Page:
SALEM — People are talking taxes this election season. In Salem, the debate extends to the Community Preservation Act and whether its benefits are worth a property tax surcharge.
City residents will vote Nov. 6 on whether to adopt the CPA, a state law that allows cities and towns to add a surcharge on the property tax to benefit projects that create or improve recreation, open space, affordable housing or historic preservation. The extra money raised is matched — the percentage varies each year — with state funds.
A public forum on the issue is scheduled for Wednesday at 6:30 p.m. at the Moose Lodge, 50 Grove St. Six panelists, three in favor and three opposed to the CPA, will speak and answer questions from the audience.
The event, hosted by the Mack Park Neighborhood Association, will be taped and rebroadcast by Salem cable access television.
In Salem, an organized group of CPA supporters have created a website and are spreading the word, speaking at numerous neighborhood and community groups and even marching in the Haunted Happenings parade this month.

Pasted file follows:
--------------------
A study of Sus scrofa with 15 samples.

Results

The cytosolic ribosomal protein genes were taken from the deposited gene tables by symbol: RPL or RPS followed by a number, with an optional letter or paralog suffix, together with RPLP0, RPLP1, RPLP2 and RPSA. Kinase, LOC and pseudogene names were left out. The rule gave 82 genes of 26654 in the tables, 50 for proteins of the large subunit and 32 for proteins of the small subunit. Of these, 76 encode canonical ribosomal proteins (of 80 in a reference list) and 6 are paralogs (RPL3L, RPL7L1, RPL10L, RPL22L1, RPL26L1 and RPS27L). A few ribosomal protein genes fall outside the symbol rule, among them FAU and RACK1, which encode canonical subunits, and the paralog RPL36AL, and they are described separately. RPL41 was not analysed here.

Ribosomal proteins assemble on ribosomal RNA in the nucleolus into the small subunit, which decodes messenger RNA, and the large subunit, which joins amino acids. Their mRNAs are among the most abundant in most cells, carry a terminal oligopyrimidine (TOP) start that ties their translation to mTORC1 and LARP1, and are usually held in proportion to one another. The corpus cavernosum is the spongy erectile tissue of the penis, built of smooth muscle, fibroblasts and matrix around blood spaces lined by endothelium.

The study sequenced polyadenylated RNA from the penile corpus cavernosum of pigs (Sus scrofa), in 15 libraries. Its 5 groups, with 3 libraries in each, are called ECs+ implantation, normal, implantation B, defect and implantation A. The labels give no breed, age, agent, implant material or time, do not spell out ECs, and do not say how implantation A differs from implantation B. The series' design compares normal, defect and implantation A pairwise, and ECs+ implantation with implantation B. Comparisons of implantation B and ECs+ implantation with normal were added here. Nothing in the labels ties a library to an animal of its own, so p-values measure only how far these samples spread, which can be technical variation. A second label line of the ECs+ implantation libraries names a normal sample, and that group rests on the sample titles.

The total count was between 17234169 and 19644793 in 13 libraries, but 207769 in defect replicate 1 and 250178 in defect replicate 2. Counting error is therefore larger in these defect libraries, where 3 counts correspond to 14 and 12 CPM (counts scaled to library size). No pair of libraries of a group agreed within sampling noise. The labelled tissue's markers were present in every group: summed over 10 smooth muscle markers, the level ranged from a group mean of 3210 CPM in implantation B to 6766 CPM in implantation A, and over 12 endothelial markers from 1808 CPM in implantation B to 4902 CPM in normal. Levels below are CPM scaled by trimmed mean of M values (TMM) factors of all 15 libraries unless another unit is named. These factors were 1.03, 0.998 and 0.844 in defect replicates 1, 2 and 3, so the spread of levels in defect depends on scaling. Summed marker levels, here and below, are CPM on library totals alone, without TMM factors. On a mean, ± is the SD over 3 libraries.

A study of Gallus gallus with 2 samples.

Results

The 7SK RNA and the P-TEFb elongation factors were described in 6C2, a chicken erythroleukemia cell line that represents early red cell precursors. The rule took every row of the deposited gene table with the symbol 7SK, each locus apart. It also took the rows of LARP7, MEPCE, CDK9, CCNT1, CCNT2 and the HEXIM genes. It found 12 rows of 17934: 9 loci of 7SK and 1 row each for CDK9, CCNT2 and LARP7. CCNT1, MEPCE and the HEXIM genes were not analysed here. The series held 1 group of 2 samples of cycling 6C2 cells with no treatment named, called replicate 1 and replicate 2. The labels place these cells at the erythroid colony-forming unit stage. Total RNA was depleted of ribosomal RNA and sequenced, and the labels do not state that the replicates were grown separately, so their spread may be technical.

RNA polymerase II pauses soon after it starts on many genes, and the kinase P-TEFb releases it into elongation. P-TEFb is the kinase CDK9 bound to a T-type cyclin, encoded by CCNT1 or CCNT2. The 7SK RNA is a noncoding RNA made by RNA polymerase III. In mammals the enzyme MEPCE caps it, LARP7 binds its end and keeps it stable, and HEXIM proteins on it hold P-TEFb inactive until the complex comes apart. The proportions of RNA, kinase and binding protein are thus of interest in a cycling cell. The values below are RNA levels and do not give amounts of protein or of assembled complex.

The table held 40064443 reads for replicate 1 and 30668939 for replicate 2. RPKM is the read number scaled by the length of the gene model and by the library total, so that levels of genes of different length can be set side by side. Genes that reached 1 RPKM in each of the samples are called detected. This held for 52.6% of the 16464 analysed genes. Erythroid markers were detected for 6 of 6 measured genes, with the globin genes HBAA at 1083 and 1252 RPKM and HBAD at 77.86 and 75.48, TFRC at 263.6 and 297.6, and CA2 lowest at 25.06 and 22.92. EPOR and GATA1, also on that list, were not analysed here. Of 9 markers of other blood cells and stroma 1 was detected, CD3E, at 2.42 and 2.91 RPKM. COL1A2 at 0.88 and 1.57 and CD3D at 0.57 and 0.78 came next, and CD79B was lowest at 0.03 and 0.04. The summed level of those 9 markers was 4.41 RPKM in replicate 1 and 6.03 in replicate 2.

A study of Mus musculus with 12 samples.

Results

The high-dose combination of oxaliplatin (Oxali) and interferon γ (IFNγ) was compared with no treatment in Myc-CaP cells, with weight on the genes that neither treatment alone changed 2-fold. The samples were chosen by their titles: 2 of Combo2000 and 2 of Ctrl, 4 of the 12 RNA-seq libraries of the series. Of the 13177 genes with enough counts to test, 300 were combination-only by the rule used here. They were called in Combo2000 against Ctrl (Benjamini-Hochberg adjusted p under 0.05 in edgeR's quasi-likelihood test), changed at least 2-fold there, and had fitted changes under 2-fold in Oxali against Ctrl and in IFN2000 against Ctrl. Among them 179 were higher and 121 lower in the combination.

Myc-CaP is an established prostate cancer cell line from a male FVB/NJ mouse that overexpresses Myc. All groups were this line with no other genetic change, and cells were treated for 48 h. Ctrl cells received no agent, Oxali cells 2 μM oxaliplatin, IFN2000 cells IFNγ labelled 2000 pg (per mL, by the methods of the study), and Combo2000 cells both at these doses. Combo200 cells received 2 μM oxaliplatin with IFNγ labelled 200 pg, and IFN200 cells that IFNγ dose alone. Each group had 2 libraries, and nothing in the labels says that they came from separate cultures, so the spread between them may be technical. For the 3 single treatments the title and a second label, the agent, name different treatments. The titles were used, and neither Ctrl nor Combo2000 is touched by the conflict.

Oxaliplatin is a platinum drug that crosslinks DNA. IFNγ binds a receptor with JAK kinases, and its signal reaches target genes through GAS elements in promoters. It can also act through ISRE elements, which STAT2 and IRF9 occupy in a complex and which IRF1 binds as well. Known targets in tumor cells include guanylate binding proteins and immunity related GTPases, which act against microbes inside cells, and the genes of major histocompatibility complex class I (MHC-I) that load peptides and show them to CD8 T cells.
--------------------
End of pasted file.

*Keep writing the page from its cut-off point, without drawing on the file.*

“We just want to be able to provide the facts and let people make the decision for themselves,” said Mickey Northcutt, a member of the Salem Community Preservation Alliance. “We’re trying to reach as many people as possible. We just want to make sure people have an opportunity to know how this works, what type of projects it will be used on and its benefits.”
Northcutt, director of the North Shore Community Development Coalition, will be one of the CPA supporters on the Oct. 17 panel. While the NSCDC board has voted in support of the CPA, Northcutt said he’s working with the Salem Community Preservation Alliance as a private citizen, not on behalf of his employer.
While there is opposition among city residents, there is no organized group advocating against the CPA in Salem, City Councilor Paul Prevey said.